Medical team prepared for pressure situations during exercise

This article has photo gallery Published on LEUT Adam Grover (author), ABIS Tom Gibson (photographer)

Location(s): Hobart

Chief Petty Officer Clearance Diver Corry Van Den Broek (centre) and Reservist Medical Officer Coral Baines inside the hyperbaric chamber with United States Navy dive team members as they take part in Exercise Dugong 2015. (photo: ABIS Tom Gibson)
Chief Petty Officer Clearance Diver Corry Van Den Broek (centre) and Reservist Medical Officer Coral Baines inside the hyperbaric chamber with United States Navy dive team members as they take part in Exercise Dugong 2015.

No one in the Navy diving community takes to the water without being confident as to their next breath. Effective gas regulation and the ability to regulate pressure so as to dive and surface safely is of paramount importance, irrespective of it taking place during training, on exercise or on deployment.

Australian and United States personnel involved in Exercise DUGONG 15, the multinational mine warfare and clearance diving training activity being held in Hobart between 5-16 October, have been working closely to ensure that the importance of diver health and safety is constantly reinforced.  

Members of Australian Naval Reserve Dive Team 10 and the United States Navy Explosive Ordnance Disposal Mobile Unit 5, as well as the USN Mobile Diving and Salvage Unit One, visited the Royal Hobart Hospital’s Department of Diving and Hyperbaric Medicine to inspect the hyperbaric chamber, ready for use if required during DUGONG 15.   Specialist staff within the Department include a number of key members of the Australian Naval Reserve, including Chief Petty Officer Clearance Divers Karl Price and Corry Van Den Broek, and Navy Nurse, Lieutenant Carol Baines, who combine their professional clinical roles with their work as reserve members.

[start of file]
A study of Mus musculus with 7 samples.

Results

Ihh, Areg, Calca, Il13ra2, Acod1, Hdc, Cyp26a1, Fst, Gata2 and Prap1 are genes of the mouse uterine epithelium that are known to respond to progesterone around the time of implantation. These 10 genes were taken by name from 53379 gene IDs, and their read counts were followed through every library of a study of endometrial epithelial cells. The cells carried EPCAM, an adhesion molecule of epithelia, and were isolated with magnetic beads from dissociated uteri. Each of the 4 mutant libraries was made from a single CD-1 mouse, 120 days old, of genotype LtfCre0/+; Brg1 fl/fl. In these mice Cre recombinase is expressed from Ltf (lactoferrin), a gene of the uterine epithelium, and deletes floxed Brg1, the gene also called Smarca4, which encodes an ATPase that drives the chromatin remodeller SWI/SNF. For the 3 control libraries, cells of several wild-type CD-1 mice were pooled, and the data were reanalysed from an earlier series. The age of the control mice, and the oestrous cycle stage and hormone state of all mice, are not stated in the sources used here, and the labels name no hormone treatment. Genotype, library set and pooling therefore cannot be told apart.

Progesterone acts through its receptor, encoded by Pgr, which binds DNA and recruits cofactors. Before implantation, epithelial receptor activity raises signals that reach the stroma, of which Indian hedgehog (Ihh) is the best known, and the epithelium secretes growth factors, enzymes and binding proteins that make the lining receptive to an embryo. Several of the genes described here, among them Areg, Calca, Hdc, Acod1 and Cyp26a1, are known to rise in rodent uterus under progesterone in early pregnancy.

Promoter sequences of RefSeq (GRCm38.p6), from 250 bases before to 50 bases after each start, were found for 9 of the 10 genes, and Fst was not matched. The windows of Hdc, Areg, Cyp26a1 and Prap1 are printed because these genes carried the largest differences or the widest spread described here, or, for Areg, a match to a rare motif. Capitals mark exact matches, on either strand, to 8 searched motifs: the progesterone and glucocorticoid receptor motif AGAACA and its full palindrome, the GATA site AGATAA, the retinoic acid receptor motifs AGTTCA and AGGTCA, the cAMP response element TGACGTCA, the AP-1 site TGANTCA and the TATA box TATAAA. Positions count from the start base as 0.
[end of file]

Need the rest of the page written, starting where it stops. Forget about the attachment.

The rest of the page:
Lieutenant Baines, a clinical nurse in the facility lead the tour for the visiting service members.

"The chamber is critical in supporting both military and civilian divers in the recompression of divers with dysbaric illness," she said.

‘‘We treat between 25 and 30 divers a year, and to date, we have not had to treat any Navy divers, and we hope this continues to be the case."

The chamber is unique, as it can treat divers as well as providing support in the treatment of a number of other areas of hospital care including Infectious diseases, endocrinology and vascular surgery. 

"We treat nearly 2000 civilian patients in these medical areas in the chamber every year," she said.

Lieutenant Scott Kendrick of the United States Navy was highly impressed by the facility and the professionalism of its staff. 

"It’s a great chamber and we are confident that, if required, it will provide for the needs of our divers," he said.

"Australian and United States Divers work so closely together and the knowledge that we can support each other in a medical emergency is incredibly reassuring."